Pauline Spatafora‘s just published book, “Louie’s Place” follows the lives of five teenage girls growing up in New York City’s Greenwich Village in the late 1950s and early 1960s. Louie’s Place was the local candy store/malt shop where the friends regularly met and where their reunion in later life was to take place. Although loosely based on the lives of real people, this is a work of fiction with most of the events occurring only in the imagination of the author.
I first introduced you to Pauline in my blog post published on January 3, 2015 “Dear Sister – Letters Home to Sicily From War Time America.” During that interview Pauline spoke about her book of the same title, as well as her other published books “The Absent Mother – A Psycholiterary Study of Virginia Woolf” and “Proper Pronunciation Made Easy.” That blog post was well received and mention was made of the soon to be published “Louie’s Place.”
Life in the 1950s and early 1960s was simple. Expectations were clear-cut. Conformity was the rule, almost never the exception. The absence of social media and today’s electronic communication devices meant that people had to talk to each other in person. Even the telephone, permanently connected to the phone jack and often located in the kitchen, was infrequently used.
This interview depicts an innocent time in America. Life was predictable. Choices were limited. A & E’s Mad Men targets the sophisticated, corporate world. “Louie’s Place” targets the less affluent.
This interview took place on April 30, 2015.
Interviewer: Why did you decide to write this book? Pauline: I promised my friend, Roseann I would write about our lives as kids. She’s now deceased. Roseann never saw the final product. Ironically, this book was published in April, the month of her birthday.
Interviewer: Which public personality had the most influence? Why? Pauline: Jackie Kennedy because she brought glamour and class to the White House.
Interviewer: How did you spend your free time? Pauline: At the beach, church dances (St. Anthony’s ), and the candy store/ malt shops(Louie’s Place).
Interviewer: What was a teenage girl’s greatest fear? Pauline: Unwanted pregnancy and getting caught having sex. Anything other than intercourse was okay for some and “going all the way” was okay for others. Condoms were available.
Interviewer: What was a teenage girl’s greatest desire? Pauline: To be a movie star like Liz Taylor or Kim Novak.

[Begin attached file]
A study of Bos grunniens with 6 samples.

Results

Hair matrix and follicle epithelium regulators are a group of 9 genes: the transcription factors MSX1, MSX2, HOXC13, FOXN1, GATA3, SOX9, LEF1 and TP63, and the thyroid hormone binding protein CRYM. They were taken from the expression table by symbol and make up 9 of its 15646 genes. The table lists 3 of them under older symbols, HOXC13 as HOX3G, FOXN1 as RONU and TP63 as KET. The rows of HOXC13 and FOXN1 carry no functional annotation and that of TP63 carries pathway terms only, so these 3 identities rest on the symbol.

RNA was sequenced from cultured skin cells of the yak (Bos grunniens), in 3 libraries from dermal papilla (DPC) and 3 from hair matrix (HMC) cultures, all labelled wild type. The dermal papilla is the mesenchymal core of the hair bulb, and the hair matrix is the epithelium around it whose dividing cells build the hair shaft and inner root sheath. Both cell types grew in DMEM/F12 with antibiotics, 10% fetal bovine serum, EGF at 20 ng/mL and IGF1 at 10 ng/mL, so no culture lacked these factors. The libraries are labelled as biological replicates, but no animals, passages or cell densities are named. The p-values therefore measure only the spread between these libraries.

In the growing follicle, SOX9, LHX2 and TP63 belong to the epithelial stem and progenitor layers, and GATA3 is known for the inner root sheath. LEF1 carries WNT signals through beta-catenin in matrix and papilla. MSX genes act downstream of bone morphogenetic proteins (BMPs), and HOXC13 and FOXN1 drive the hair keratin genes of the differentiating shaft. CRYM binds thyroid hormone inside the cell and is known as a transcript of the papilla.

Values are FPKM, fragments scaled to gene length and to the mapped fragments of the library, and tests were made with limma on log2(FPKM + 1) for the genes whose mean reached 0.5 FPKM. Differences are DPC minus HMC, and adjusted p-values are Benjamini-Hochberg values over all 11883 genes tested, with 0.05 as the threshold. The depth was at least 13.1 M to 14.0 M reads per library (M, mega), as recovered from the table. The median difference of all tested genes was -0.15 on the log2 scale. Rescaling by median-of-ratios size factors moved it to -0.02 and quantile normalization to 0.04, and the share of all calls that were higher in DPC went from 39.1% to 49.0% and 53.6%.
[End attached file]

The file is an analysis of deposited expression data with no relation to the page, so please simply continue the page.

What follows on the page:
Interviewer: Of the characters in the book, who kept the philosophy of the 1950s? Pauline: Flower was in the 1950s until the day she died. It was the only time in her life she was really happy.
Interviewer: Did any of the girls express regrets about living in the 1950s? Pauline: Yes. Middle Bush’s baby’s adoption would not have to be hidden if it happened later on when society was more accepting.
Interviewer: Describe typical family life in the late 1950s and early 1960s. Pauline: Like in TV shows, Dad, who was the head of the family, worked. Mom took care of the house and children. The kids did their homework after school. Sundays were mostly spent with relatives. Grandparents had a strong presence and extended family lived nearby. Saturday nights were for the movies and dances. Greenwich Village had an active night life with feasts and street festivals. Holidays were spent with our family and friends. We exchanged gifts for major holidays.
Interviewer: Tell about typical family and home responsibilities. Pauline: We helped with washing and drying the dishes since there were no electric dishwashers then. We helped with the laundry. We had part-time jobs while in high school to pay for our own activities.
Interviewer: Tell about career encouragement from family, school and society. Pauline: Girls were told to take up secretarial work and if you were very smart, you were told to be a teacher. I wanted to be an actress so I studied dance, voice and music (accordion) but my father insisted that I back it up by learning to type “just in case.” Pauline went to college as an adult and became a college professor. Her typing later came in handy in doing her college papers.
Interviewer: What effect did extended family have on your life? Pauline: Very helpful when I had doubts, they offered good advice and guidance.
Interviewer: What expectations did young people have for their adult lives? Pauline: To be married and have children. The guys were concerned about having good jobs to provide for a family.
Interviewer: What plans were made for retirement and old age? Pauline: Our parents had their funeral plots. They saved money in the bank and expected to live off that. Savings bonds were a big thing. They owned their homes so real estate provided security.
Interviewer: Define a successful life by late 1950s and early 1960s standards. Pauline: Being financially independent. For some, marriage and children. For men, owning your own trade business. And for the young adults, owning a car.
Interviewer: What about that time do you wish were still here today? Pauline: The music. The less stressful lifestyle. The absence of computers led to a more connected life with people. Life was more personal.
Interviewer: What are you happy has not continued? Pauline: The great inequality for women in the workplace.
Interviewer: What political event had the greatest impact on lives of teenagers ? Pauline: The assassination of President John F. Kennedy. Our innocence became a raw reality.
If you’d like to contact Pauline, you can email her at email@example.com. She’d love to hear from you.